History-Making Somali-American Legislator Reports 'Hateful' Taunts In D.C.
For the first Somali-American lawmaker in the U.S., it was meant to be a day to remember: a visit to the White House for policy meetings before she takes office in Minnesota. But as she left the seat of U.S. power, Ilhan Omar says, she was subjected to a hateful and threatening verbal attack in a cab.
"I pray for his humanity and for all those who harbor hate in their hearts," Omar, a Muslim who wears a head scarf, wrote of the cab driver who she says assailed her. In a Facebook post, she says the encounter took place on Tuesday.
Saying that she was "subjected to the most hateful, derogatory, Islamophobic, sexist taunts and threats I have ever experienced," Omar says the cab driver "called me ISIS and threatened to remove my hijab."
Omar, 34, recounted the abusive encounter in the nation's capital just one month after she made both history and headlines with her inspiring personal story of a former refugee who won a state House seat in southeast Minneapolis, years after her family fled Somalia's civil war.
"This really was a victory for that 8-year-old in that refugee camp," Omar said of her Election Day win. "This was a victory for the young woman being forced into child marriage. This was a victory for every person that's been told they have limits on their dreams."
This week, Omar has been in Washington, D.C., to attend the State Innovation Exchange conference along with hundreds of other state legislators. She also spoke at the U.S. Institute of Peace on Monday — Arab American Day. One day later, she was at the White House for a discussion about economic issues facing the middle class.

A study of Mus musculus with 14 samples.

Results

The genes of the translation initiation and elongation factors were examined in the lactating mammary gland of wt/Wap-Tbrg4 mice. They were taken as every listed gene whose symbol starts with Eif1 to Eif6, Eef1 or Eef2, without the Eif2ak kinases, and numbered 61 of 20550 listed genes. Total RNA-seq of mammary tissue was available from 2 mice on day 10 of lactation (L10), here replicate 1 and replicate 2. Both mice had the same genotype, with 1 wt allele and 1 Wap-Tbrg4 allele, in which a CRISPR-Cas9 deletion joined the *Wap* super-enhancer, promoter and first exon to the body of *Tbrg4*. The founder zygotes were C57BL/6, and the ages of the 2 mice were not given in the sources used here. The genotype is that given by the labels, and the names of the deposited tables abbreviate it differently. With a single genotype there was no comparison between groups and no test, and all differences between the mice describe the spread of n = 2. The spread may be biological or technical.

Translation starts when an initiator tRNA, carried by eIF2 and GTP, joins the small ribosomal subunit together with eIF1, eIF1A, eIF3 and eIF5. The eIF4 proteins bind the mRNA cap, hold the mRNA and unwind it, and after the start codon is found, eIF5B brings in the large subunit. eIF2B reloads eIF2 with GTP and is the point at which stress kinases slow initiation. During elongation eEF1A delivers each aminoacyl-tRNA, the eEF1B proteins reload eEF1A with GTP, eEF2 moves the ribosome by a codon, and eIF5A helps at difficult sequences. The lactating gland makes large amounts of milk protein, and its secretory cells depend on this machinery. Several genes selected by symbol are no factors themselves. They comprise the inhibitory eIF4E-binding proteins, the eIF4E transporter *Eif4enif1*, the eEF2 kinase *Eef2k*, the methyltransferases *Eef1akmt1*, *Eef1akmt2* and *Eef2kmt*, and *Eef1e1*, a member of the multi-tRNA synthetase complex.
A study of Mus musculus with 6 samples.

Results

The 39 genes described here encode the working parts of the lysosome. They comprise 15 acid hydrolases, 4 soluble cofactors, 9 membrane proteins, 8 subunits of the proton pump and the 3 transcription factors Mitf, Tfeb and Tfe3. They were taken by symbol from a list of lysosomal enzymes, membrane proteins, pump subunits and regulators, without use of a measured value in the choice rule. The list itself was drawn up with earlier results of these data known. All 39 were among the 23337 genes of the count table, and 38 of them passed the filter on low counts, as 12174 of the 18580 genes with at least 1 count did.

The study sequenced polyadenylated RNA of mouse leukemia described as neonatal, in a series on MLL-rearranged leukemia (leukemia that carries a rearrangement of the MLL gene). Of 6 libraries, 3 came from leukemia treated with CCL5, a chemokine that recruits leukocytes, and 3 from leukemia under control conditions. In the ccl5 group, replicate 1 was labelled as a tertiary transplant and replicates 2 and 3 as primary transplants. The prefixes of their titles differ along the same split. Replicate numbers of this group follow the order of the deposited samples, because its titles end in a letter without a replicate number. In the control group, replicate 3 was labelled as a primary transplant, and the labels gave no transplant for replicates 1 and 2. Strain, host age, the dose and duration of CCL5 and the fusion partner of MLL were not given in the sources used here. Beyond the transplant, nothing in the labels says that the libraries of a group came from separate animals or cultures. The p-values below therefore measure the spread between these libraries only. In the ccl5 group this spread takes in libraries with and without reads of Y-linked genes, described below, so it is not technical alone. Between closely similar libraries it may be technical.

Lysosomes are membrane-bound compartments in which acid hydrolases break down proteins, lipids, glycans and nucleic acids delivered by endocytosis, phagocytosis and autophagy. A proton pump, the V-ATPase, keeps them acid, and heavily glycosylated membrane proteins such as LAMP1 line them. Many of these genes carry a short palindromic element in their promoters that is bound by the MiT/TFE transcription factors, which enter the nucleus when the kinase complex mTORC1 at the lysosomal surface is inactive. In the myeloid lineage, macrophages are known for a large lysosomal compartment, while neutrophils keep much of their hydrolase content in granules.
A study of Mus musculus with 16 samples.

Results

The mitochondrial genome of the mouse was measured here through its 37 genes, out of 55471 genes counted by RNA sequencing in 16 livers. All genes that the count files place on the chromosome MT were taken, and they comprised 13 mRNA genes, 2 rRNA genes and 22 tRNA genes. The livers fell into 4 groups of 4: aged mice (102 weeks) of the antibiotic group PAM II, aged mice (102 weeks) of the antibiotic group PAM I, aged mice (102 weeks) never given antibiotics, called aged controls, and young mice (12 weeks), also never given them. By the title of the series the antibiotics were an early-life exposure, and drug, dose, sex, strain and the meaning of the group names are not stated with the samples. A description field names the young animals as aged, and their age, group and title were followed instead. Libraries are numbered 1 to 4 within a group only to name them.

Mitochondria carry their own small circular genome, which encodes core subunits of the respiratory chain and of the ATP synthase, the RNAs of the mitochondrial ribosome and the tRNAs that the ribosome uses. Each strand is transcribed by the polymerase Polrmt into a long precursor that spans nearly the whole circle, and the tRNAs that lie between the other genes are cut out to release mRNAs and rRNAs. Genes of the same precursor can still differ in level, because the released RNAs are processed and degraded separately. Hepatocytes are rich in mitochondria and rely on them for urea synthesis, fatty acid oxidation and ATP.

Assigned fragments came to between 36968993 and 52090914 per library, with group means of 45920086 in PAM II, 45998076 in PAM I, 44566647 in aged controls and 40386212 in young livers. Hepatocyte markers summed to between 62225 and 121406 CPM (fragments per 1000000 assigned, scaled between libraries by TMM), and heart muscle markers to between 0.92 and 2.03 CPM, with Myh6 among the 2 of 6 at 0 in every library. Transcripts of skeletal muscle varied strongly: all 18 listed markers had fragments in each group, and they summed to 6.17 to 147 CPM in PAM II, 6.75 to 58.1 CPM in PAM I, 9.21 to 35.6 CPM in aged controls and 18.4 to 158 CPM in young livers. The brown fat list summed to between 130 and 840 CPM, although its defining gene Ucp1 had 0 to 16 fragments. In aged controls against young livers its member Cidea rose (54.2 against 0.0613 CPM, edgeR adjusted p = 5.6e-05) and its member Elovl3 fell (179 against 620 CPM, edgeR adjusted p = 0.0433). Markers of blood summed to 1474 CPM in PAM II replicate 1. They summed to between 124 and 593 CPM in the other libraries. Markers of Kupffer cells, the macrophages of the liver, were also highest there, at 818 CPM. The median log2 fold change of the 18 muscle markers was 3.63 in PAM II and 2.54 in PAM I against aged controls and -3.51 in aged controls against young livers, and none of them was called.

After the White House session, Omar said, she was verbally abused during the cab ride to her hotel, adding that she "wasn't really sure how this encounter would end as I attempted to rush out of his cab and retrieve my belongs."
Omar added, "I am still shaken by this incident and can't wrap my head around" the increasing boldness of people "displaying their hate towards Muslims."
Her Facebook post about the incident has drawn thousands of reactions and hundreds of comments from people who expressed their sympathy and solidarity with the mother of three who will be sworn into her new office in January.
One of the most popular responses to Omar's post came from another Minnesotan who had recently visited the nation's capital.
"I just got back from Washington too," Christopher L. Wendt wrote. "I had a cab driver originally from Somalia. When I told him I am from Minnesota and that we have a 'first' Somali woman legislator, he got very excited. 'Ilhan!' he said - very proud. Keep it up. We've got your back."
After a request for comment about the incoming legislator's report, Washington's Department of For-Hire Vehicles responded:
"Washington, D.C. is an inclusive city. As the agency charged with protecting consumers in the vehicle-for-hire industry DFHV takes any allegations of discrimination very seriously. We diligently pursue the investigation and resolution of incidents involving bad behavior by taxis and ridesharing vehicle operators. We ask that anyone that has information that will assist with our investigation to come forward."